Yellow nutsedge is one of the most despised weeds of our flower and vegetable gardens. Eradicating it from your property is almost impossible. Pull it all out and more plants show up within days.
Most people refer to it as a grass, but its stems are triangular in cross-section, which makes it a sedge. It appears in mid-spring and lasts until fall. Plants can grow up to three feet tall if left alone. Nutsedge is extremely tolerant of prolonged wetness, so it survives where other plants won’t.
Seed heads emerge in summer. Light tan to golden brown seed heads are surrounded by a ring of leaf-like structures called bracts. Seeds can spread to form new plants, but that’s not what makes this plant so prolific.
A series of underground stems called rhizomes intermingle with the roots. At the end of each rhizome is a tuber, often called a nutlet. A tuber is a swollen stem for food storage and reproduction. Potatoes reproduce by tubers. A single nutsedge plant may produce several thousand tubers per year. They are a little larger than garden peas.
These nutlike structures remain underground when plants are pulled from the garden. New plants spring up shortly afterwards. Individual tubers contain many buds and can sprout several times before exhausting their energy.
This grass-like weed is common in almost every state as well as many of the Canadian provinces and much of Mexico. Nutsedge isn’t controlled well by most herbicides. Often when plants are sprayed, the nutlets fall off and aren’t affected by the chemical. That’s one reason they are difficult to control. Consequently, numerous chemicals have been developed specifically to control this weed. It’s tough and vilified.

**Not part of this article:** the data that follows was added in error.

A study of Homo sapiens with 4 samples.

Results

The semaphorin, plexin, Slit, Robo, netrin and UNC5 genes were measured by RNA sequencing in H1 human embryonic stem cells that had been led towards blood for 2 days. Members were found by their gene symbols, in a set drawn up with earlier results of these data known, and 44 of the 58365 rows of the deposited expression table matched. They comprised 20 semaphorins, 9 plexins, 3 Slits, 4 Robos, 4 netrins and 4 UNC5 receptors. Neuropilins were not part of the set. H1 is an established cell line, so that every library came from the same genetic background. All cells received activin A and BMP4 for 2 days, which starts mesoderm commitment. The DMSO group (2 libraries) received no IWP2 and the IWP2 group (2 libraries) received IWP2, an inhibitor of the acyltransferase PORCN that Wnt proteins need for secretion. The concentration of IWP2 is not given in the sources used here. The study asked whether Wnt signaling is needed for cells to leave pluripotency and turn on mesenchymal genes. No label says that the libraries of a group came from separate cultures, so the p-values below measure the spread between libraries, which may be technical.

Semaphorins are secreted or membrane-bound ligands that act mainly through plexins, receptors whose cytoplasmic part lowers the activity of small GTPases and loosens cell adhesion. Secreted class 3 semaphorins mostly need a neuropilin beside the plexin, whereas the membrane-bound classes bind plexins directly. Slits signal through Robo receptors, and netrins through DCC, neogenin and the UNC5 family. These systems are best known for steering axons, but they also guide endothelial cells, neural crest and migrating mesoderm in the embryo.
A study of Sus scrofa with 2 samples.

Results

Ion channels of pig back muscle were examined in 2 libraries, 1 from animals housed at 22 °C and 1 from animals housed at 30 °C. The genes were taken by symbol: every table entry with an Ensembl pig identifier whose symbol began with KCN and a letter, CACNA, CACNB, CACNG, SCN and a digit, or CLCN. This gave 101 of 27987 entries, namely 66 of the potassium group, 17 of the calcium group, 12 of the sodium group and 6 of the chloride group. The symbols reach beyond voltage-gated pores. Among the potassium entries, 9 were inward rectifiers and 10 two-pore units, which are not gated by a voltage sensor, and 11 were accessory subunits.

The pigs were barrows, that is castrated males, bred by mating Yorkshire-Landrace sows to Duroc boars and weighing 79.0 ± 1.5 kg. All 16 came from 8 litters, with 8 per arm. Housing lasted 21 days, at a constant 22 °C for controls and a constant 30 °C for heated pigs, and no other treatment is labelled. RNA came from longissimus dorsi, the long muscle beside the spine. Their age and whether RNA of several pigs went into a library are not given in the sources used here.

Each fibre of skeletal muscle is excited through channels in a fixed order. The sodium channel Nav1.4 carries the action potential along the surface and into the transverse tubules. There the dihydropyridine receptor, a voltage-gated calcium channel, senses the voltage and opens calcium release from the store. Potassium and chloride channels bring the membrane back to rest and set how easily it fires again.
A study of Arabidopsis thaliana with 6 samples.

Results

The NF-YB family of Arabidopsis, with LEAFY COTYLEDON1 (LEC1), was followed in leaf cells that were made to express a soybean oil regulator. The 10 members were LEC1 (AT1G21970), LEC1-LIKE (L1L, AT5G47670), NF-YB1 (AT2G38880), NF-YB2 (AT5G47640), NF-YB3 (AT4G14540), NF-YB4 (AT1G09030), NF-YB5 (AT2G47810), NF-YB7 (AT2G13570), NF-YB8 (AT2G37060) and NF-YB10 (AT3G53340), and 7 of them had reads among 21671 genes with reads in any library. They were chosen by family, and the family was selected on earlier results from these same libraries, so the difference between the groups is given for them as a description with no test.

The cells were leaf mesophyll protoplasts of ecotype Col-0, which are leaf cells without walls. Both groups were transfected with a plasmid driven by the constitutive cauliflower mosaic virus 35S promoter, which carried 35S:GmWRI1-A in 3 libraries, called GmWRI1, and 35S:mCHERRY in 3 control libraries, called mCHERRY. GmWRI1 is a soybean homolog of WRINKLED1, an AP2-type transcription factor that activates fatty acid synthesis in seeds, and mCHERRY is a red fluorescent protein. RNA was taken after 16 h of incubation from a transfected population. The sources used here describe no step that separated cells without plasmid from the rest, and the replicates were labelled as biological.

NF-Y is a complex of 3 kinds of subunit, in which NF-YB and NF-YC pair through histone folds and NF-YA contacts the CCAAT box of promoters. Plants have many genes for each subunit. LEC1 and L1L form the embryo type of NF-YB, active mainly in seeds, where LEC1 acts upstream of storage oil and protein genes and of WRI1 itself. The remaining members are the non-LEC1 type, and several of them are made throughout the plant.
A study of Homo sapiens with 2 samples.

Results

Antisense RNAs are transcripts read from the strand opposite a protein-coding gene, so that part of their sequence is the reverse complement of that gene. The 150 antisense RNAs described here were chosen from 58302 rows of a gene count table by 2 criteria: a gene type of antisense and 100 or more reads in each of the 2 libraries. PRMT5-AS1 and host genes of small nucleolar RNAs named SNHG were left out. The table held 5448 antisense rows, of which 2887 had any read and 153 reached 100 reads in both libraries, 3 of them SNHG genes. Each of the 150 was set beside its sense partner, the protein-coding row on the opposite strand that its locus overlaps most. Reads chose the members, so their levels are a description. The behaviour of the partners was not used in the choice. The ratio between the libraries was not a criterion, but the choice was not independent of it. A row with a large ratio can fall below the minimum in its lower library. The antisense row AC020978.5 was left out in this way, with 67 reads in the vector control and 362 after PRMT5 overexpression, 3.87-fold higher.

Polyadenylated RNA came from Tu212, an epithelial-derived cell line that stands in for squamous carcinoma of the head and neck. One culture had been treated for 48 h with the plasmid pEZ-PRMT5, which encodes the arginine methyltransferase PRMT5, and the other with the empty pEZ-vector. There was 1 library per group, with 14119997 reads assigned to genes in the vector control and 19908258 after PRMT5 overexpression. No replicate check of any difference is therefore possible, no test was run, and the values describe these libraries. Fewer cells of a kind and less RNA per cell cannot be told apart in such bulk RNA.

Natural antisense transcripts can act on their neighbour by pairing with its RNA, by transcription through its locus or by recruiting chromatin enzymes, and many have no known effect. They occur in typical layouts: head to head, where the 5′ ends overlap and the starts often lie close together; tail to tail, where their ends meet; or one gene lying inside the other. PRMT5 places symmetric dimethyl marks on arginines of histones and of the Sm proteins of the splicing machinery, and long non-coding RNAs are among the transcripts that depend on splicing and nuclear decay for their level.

Thirty-six years ago I studied this species in my plant taxonomy class. I remember its scientific name was Cyperus esculentus. In Latin, esculentus means edible, but few farmers or gardeners ever consider eating it.
The tubers are quite good. When dried and roasted they have a somewhat sweet flavor, almost like hazelnuts. I’ve even heard them referred to as earth almonds. Native Americans used nutsedge as food and medicine. They consumed the seeds as well as tubers.
Those familiar with chufa might recognize the flavor. It’s a common food in much of Africa among other places and has been for centuries. According to records, Egyptians consumed it over 4000 years ago.
Tubers are high in Omega-3 fatty acids and make high quality oil similar to olive oil. Chufa and nutsedge are variants of the same species. The only difference is that chufa is less winter hardy. Chufa tubers are also a little larger.
If you want to collect some nutsedge tubers to try, you’ll have no trouble finding some. Obviously, collect from an area not treated with herbicides. Also, remember that they are small. You’ll have to gather a bunch. If ridding the area of them is your goal, you still won’t get them all. Additionally, cleaning them up in all but the sandiest soils can be quite a pain.
Ted Manzer teaches agriculture at Northeastern High School.